Don’t Let Addiction Steal Your Purpose.
“Anybody can do nothing. Anybody can do and be nothing. Do you want to be nothing?”
I recently watch a viral video of a judge, passionately asking a group of teenagers who appear to be in some sort of alternative program – to rethink the way that they’re living their lives. Judge Verda Colvin shows the youth a body bag, explaining that the people who wind up in bags are the ones who thought nothing of their lives. Her plea gave me the chills.
If you haven’t seen the video, you can watch it here: Judge’s Epic Speech.
Although this video was directed at troubled youth – it applies to all of us. When we don’t care about our lives – we do nothing and are nothing. We drop the ball for ourselves and for society, and don’t give ourselves and others the things that we were born to do.
Addiction Takes Away Purpose.
In active addiction, all the things that were once important to us fall to the wayside. Even if you once had a clear-cut plan, a great career, a beautiful family, a passion for travel or big ambitions, addiction will turn your head and heart in the opposite direction.
Addiction leads us the a place where we’re merely surviving, relying purely on compulsive reaction and instinct – rather than actually living life. Our focuses center around getting our drug of choice, getting drunk or high, and strategizing a way to get the next high. Along the way, we lose sight of our family, our friends, our jobs, our homes, our ambitions, our passions everything that makes life worth living: Our purpose. Addiction takes away our purpose in life.
Addiction Takes Away Choice.
In active addiction, we become obsessed with using drugs or drinking. We chase the high and the drugs that cause the high compulsively – far beyond any control. No matter how much we may want to choose love, family, friends, jobs or our health – we simply can’t. After all, who would ever choose to be completely reliant on a pill or a powder – rather than embrace the love of our children or spouses or family? The disease of addiction takes away that choice.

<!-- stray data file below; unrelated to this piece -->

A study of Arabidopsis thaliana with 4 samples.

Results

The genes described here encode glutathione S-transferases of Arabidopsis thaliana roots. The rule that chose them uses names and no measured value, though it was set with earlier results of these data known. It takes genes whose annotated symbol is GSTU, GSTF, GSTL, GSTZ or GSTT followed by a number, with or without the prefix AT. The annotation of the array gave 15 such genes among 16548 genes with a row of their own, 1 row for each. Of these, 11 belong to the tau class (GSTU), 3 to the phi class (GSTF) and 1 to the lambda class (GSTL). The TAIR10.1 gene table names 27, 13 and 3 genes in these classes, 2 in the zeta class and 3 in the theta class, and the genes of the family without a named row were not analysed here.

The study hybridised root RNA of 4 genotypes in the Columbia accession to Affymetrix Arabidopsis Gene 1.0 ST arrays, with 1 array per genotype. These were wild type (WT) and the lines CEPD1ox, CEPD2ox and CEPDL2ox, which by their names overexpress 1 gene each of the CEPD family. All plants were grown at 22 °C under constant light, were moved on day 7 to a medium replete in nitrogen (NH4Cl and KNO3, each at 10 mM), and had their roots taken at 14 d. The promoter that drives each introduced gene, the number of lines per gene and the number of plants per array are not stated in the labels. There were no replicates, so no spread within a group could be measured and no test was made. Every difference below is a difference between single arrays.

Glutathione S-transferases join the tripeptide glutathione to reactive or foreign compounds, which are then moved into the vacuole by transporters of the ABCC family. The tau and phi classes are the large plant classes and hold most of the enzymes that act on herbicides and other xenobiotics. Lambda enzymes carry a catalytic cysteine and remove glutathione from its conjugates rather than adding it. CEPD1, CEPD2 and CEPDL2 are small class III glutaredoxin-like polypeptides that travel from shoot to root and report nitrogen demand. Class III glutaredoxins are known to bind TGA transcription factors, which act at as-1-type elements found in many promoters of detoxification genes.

Alcoholism and drug addiction take away our ability to choose because everything is focused on the drug or the drink. We have no choice, but instead are left only with a reflexive, automatic need for the substance. Our brain chemistry and functions rob us of control and take away the choice.
Addiction Takes Away Growth.
We typically think of the life of addiction as chaotic and uncertain. However, the reality is that addiction is the same thing over and over again: Get the substance, use the substance and get intoxicated, sober up, plan to get the substance again, repeat. And repeat. And repeat. Addiction is very predictable.
In active addiction, our ability to grow and evolve diminishes. We become robotic in our actions, and our not our true selves.
Addiction Takes Away Relationships.
This loss is one of the most painfully obvious. As human beings, we all desire connection and love. However, some of the biggest symptoms of addiction are lying, cheating, and manipulating. We are no longer able to be ourselves: Our personalities change, our interests change, our compassion and emotions change. Because of these changes, the people who we love and love us often distance themselves from us. Relationships crumble, break and disintegrate.
In active addiction, we are unable to connect to anything beyond our own selves and our needs for the drug or the drink. Our vision becomes tunneled and shuts out those whom we love. Drug and alcohol addiction take away all of our real relationships and connections – and leave us lonely.
Addiction Takes Away Surprise, Wonder and Awe.
The everyday things in life that bring us joy and delight: watching a sunset, holding our partner’s hand, a warm spring day, an afternoon at the beach, holding a newborn baby, a starry sky – those are the things that can make life truly enjoyable and worth living. These things happen when we take the time to recognize them and embrace them. They are moments that allow us to feel connected to more than just a drug or a drink – but instead, to ourselves, to our loved ones, to nature, or for some – to a higher power.
When we’re actively addicted, all of the little things that add up in our lives to be big, beautiful things – suddenly vanish.
Addiction Takes Away Everything That Makes Life Worth Living.
When you take away all of the things above: purpose, choice, relationships, growth, surprise, wonder and awe, there is very little left to give us a sense of meaning in this world.
Everyone is born for something. Everyone is born with talents, skills, and an ability to love. When we become addicted to a substance, we’re eventually left with nothing. As Judge Verda Colvin says, “You are special and uniquely made. Nobody else in this world can do what you’re supposed to do… And if you don’t do it, we won’t have it.”
You can have these things. You can be something. And it starts with recovering from addiction.